Here are a few screen shots from Overlord, a feature film from 1975, made by Kubrick's some-time Director of Photography, Stuart Cooper. The film fuses some pretty staggering archive aerial footage footage of the D-Day landings with some hypnotic, dreamlike acting scenes of a small group of infantry soldiers going through basic training and then heading off to the Normandy beaches with the allied invasion force.
The images here show the kind of home-spun models used by the commanding officers to illustrate the battlefront and points of attack, and illustrate that when trying to convey geographical information, nothing quite beats a flat surface with a map on it and some added local knowledge.
Today, its seems like 3D printing is taking off in a big way in this this sector with the US military commissioning companies like Solid Terrain Modelling to recreating complex topographies, shorelines, borders, points of attack, etc all in miniature.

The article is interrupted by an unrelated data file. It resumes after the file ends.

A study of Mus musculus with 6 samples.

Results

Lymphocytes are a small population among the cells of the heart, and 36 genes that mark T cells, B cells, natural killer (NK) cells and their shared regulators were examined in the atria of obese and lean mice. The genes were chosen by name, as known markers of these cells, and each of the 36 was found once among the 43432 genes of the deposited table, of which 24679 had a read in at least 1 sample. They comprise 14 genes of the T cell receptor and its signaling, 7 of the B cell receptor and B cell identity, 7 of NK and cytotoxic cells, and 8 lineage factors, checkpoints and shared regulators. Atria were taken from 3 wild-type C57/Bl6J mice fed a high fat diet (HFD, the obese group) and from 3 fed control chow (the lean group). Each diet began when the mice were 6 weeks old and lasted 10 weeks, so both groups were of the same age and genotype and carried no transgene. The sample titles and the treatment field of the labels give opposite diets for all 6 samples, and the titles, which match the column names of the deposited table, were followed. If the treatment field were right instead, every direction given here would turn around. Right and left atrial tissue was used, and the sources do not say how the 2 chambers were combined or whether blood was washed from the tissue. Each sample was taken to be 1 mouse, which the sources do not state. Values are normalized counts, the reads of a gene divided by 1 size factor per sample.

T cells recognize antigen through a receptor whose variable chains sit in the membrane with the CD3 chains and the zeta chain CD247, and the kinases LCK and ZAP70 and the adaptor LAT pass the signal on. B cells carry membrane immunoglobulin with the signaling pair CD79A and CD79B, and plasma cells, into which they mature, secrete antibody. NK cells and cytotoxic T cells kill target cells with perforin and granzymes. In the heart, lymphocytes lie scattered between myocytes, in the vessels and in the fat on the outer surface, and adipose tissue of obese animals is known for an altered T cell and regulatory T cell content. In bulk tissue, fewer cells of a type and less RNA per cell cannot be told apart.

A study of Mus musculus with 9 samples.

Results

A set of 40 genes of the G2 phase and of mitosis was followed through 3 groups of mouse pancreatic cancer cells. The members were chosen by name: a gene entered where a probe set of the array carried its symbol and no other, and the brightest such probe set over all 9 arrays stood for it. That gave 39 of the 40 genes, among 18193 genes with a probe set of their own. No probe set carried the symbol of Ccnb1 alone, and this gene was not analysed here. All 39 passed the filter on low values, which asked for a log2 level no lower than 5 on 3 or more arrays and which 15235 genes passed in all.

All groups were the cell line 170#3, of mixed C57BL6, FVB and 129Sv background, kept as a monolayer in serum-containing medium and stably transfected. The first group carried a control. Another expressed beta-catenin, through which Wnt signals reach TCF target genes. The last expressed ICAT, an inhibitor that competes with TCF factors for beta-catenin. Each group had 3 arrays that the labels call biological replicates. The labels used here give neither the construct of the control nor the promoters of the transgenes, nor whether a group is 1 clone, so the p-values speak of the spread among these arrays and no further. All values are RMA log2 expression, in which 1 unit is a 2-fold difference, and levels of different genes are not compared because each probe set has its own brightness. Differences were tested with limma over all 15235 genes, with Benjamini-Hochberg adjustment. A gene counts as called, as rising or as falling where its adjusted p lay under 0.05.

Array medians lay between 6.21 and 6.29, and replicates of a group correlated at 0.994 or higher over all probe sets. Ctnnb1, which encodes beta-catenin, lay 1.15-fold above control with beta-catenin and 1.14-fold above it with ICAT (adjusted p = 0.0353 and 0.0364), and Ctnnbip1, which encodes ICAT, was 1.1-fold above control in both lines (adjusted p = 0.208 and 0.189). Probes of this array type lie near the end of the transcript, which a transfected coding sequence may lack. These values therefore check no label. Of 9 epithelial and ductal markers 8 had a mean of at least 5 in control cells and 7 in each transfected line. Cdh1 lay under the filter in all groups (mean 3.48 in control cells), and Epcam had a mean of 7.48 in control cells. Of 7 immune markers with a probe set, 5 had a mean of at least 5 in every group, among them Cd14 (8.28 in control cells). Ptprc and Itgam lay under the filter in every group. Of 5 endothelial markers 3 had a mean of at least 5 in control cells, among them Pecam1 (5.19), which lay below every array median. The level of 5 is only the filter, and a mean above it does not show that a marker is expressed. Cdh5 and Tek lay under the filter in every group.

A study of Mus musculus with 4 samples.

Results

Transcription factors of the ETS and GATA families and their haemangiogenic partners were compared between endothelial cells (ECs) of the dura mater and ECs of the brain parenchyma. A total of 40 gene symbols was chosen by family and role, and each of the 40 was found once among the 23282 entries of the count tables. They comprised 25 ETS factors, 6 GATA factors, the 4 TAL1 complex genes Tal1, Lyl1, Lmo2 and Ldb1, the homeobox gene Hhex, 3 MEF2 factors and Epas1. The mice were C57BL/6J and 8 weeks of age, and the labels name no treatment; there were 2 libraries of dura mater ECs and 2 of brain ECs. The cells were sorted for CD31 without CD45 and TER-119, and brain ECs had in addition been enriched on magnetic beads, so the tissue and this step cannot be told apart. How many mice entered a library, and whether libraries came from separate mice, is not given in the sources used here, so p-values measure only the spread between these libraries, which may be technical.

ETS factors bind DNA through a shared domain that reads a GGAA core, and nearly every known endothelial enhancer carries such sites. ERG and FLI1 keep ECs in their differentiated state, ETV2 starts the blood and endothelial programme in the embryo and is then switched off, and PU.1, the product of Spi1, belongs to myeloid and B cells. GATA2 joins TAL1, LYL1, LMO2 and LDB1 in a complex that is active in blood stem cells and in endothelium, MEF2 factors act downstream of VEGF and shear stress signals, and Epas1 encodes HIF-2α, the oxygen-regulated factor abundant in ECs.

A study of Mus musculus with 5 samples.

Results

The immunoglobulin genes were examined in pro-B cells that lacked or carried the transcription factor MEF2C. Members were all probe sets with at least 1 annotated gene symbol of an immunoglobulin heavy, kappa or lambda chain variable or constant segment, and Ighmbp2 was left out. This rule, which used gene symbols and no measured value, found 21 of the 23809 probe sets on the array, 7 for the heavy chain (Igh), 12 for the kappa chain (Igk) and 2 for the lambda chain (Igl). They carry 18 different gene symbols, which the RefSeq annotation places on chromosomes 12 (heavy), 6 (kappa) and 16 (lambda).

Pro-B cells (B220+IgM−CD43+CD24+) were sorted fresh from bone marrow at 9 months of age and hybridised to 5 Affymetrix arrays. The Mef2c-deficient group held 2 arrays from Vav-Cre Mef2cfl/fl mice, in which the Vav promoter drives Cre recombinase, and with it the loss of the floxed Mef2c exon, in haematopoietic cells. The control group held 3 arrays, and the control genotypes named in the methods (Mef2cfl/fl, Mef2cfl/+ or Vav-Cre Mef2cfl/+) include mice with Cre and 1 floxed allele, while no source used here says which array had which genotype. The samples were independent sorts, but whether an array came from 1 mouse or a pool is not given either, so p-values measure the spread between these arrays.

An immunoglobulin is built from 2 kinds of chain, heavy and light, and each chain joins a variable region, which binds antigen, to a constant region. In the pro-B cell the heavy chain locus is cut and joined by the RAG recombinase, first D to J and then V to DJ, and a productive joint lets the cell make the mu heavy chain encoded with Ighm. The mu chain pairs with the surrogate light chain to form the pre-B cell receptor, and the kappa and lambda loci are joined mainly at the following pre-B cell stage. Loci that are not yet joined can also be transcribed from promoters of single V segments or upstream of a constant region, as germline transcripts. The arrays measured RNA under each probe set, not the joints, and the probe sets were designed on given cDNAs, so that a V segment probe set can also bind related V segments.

The extension of maps into three dimensions is not a new concept but it illustrates a kind of leaching of real-world geographies (ie, the third dimension...) into its own pictorial/graphic representation. My current work (in collaboration with Newcastle University) looks at how we might represent invisible airspaces and danger areas in the landscape, but alternatively it might also be possible to possible to represent weather systems, electromagnetic signal distributions, hidden infrastructure and even statistical information as extensions of local geographies.
There is also the question of art. I'm supposed to be making 'artworks' for Newcastle and find it easy to get side-tracked by the purely descriptive. However, I think it is easy to envisage or represent purely imaginative geographies with assemblages of forms that allude to theoretical or abstract concepts - spaces of possibilities.